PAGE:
Every Latino can be a legislator


arizona_flag_mapMy introduction to our state legislature was uncomfortable. While an undergraduate student at Arizona State, I served as a majority intern in the House of Representatives. The discomfort came from being a Democrat working for Republicans, and only one of two Latinos doing so.

I took the internship hoping to improve my chances of getting into a top-tier graduate school. I was equally immersed in the community and my studies and, while most of my fellow interns wanted to become lawyers, my dream was to become a social science researcher. I was certain there was a strong relationship between policy-makers and those who research social problems.

My motivations were my surroundings. The neighborhood I grew up in was the scene of demographic change and, along with it, the sights, sounds and smells of Maryvale were changing. Ice cream trucks still patrolled the block but now tamale vendors did too. The tunes of Van Halen and Michael Jackson were now occasionally drowned out by Ramon Ayala. Don’t get me wrong, growing up on the Westside there were always Latino elements, but now they were increasingly prevalent and Mexican. It made some folks uncomfortable, even those who recognized that we shared a heritage with our new neighbors.

Despite the changes, I was still comfortable in my ubiquitous John F. Long home. Still, I knew things could, and should, get better, much better. Our schools, neighborhood safety and economic position all needed to improve drastically to avoid slipping into irrelevance. At that point in 1995, I swore I’d never leave the ‘Vale; I wanted to be a servant to my community.  

My internship showed me immediately that I had it all wrong. I learned quickly that there was little connection between policy and research and, for me, that was very disappointing. But, I also learned that trust, diplomacy and efficiency are valuable qualities because most issues are too complicated to convey completely. You never know who your allies will be and, with regard to programs, cost always outweighs effectiveness.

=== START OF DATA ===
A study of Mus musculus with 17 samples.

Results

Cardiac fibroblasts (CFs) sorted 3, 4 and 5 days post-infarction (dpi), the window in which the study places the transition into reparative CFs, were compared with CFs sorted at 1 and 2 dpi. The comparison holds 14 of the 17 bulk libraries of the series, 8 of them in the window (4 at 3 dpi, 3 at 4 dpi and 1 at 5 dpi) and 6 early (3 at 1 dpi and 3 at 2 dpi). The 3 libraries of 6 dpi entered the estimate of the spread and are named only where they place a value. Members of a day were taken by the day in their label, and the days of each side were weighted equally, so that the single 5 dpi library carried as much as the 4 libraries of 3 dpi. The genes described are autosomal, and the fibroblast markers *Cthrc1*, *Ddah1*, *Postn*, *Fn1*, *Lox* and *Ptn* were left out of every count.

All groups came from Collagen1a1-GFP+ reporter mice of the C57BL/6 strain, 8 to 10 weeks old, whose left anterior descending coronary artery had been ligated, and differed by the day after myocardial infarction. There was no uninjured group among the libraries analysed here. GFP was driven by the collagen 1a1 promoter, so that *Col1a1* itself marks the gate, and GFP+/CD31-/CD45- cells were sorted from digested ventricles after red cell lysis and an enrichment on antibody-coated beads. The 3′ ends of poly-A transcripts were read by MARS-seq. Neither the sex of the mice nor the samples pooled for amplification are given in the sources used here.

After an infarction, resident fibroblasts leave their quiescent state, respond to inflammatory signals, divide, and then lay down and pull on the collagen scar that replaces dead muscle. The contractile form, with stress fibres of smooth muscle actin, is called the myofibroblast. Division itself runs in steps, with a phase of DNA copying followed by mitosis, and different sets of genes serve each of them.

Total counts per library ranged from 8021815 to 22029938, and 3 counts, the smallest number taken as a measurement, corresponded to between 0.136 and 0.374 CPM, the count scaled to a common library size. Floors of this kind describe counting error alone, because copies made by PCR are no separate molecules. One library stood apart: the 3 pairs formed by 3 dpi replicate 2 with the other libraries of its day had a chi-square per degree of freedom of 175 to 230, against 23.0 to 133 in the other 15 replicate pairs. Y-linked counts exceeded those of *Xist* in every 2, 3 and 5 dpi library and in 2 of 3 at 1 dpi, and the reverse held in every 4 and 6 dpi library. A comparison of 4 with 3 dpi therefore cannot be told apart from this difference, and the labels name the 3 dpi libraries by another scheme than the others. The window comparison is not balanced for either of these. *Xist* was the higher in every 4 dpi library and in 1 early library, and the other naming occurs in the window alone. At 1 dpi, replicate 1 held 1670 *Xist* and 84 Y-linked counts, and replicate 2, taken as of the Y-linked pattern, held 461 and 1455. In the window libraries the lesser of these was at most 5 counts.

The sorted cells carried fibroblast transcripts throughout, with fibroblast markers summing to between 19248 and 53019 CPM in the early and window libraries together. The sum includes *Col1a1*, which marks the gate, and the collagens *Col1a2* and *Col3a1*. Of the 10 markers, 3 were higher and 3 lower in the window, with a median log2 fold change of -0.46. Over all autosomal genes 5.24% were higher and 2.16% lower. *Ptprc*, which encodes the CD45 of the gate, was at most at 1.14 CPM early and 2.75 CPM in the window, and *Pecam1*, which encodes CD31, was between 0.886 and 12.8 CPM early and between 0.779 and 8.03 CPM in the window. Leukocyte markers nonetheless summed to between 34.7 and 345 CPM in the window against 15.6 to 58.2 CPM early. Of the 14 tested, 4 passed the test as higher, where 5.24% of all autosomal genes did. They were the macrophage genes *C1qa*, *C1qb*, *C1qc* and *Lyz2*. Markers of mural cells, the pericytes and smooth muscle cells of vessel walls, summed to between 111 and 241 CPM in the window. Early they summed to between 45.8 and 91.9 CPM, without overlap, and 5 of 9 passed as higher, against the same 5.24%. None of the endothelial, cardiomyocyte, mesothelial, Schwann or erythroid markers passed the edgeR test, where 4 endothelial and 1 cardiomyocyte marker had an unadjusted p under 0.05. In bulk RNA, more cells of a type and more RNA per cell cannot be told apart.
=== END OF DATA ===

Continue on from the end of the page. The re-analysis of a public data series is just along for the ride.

Obviously, I got over being uncomfortable. My internship was over 17 years ago and I have worked in government relations full-time ever since.

If you’re wondering why it is important for you to know about the legislative process, I have two good reasons. In the first place, laws are more than policies; they are moral documents that convey a society’s priorities.  

Second, in order for the Latino community to make itself a priority, it must be engaged in improving our educational system, public safety and economic development. When you are not engaged, you forfeit your political power by making those who do engage in the process more powerful.

Legislative advocacy for Latinos is critically important because of the huge gap between our lack of civic engagement and our growing population. Arizona’s Latino population in 1980 was only 16 percent. Currently, Latinos make up 30 percent of Arizona’s population and, by 2030, Arizona’s population could reach “majority-minority” status. However, according to the Pew Hispanic Center, while Latinos are 17 percent of the population of the United States, they only comprise 10 percent of voters. Latinos could, however, account for 40 percent of the electorate by 2030. If Latinos increase voter participation to the level of other groups, the number of votes cast by Latinos could double in the next two decades.

To become engaged it helps to know the legislative process. As for how a bill becomes law, I could try and explain every nuance, but what readers need is an understanding of the legislative process that can be applied independently. There are two basic components to passing a bill: the introduction and the process. 

The motivation behind bills, much like my own motivation for applying for the legislative internship, isn’t always obvious or transparent. But there is always a problem, incident or disagreement behind the genesis of every bill. 

Bills can come from both malicious and positive intentions but, with 1,395 total bills introduced last year, the malicious can go unnoticed. Keep in mind that one person’s special interest group is another person’s advocate.